Rapper Kendrick Lamar scored the biggest debut album of the year this week as his latest album “Damn.” sold more than 600,000 copies, eclipsing Drake’s “More Life.”

“Damn.”, the third album from Grammy-winning Lamar to top the Billboard 200 chart, sold a total of 603,000 album units that comprised 340 million streams, according to figures from Nielsen SoundScan.

The Billboard 200 album chart tallies units from album sales, song sales (10 songs equal one album) and streaming activity (1,500 streams equal one album).

Lamar’s “Damn.” outpaced Canadian rapper Drake’s “More Life,” which debuted on the Billboard 200 chart in March with 505,000 album units sold in its first week.

At No 2 this week is singer-songwriter John Mayer’s latest album “Search For Everything,” which sold 132,000 album units, while Drake’s “More Life” dropped one spot to No 3 with 87,000 units sold.

The soundtrack to Universal Pictures’ blockbuster action film “Fate of the Furious” was the only other new entry in the top 10 of the Billboard 200 chart this week, entering at No 10 with 37,000 copies sold.

On the Digital Songs chart, which measures online single sales, electro-pop DJ Zedd and singer Alessia Cara’s dance track “Stay” jumped from No 10 to No 1, selling 91,000 copies

Meanwhile, massive growth in online streaming of artists such as Drake and David Bowie saw music industry revenues grow in 2016 at their fastest rate since records began, a global industry body said on Tuesday, even as physical sales fell again.

The global market for recorded music grew by 5.9 per cent in 2016, the quickest pace since industry body IFPI began tracking the market in 1997.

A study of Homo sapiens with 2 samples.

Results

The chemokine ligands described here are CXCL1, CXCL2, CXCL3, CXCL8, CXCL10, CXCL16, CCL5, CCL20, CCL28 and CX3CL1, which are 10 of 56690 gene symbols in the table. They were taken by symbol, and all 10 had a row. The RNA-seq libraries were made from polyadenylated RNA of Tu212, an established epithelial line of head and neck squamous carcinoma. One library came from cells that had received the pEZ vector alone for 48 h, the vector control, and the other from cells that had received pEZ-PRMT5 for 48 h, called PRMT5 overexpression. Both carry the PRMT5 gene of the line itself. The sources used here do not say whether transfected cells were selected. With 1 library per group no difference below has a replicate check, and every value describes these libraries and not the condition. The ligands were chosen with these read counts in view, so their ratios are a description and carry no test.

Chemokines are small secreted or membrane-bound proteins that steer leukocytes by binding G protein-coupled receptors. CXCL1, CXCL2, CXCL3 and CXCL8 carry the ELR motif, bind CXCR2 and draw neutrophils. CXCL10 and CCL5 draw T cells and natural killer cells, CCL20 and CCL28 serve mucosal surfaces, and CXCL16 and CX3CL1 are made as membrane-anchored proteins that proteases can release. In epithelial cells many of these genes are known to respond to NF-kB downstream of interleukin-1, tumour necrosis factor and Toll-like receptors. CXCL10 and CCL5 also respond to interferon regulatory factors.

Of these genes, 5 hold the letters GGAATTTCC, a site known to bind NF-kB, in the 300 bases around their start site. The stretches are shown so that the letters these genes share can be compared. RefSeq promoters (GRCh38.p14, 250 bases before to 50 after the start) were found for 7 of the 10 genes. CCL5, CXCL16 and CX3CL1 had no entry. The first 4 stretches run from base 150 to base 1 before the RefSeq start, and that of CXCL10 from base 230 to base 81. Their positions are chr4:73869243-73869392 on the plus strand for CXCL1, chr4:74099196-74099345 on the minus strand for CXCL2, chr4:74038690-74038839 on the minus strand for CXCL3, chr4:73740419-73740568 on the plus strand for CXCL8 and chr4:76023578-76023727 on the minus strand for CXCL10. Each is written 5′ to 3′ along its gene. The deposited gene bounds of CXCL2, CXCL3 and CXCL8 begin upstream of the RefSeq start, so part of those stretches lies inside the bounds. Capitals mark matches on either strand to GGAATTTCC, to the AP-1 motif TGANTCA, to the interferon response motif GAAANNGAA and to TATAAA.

It expanded for a second straight year after losing nearly 40 per cent of its revenues in the preceding 15 years, with the recovery driven by a 60 per cent rise in income from streaming.

In all, digital income accounted for half of the music industry’s revenue for the first time.

The industry initially struggled with the demise of the market for physical sales, as the advent of the Internet facilitated illegal downloads that crimped profits.

However, the rise of subscription-based services such as Spotify has helped it recover, even as the market for physical formats has continued to shrink and download revenues have fallen too.

“As an industry, we’ve had years of investment in innovation to make (growth) happen, and we’re starting to see the shift... from adapting to the digital age, to actually driving the digital age,” Frances Moore, the CEO of the International Federation of the Phonographic Industry (IFPI), told reporters in London.

Total revenues for the industry were $15.7 billion in 2016, aided by 112 million users of paid music streaming subscriptions by the end of the year.

The growth in streaming more than offset a 20.5 per cent decline in downloads and a 7.6 per cent fall in revenue from physical sales.

The top-selling artist was Canadian rapper Drake, while the death of David Bowie spurred purchases to make him the second most popular artist of the year. Prince, who also died last year, was ninth on the list.

Despite the improvement, industry executives cautioned against complacency.

“We’re only two years into our recovery. We must remain alert, resourceful and ambitious,” said Stu Bergen, CEO of International and Global Commercial Services at Warner Music Group.

“We’re no longer running up a down escalator, but that doesn’t mean we can relax.”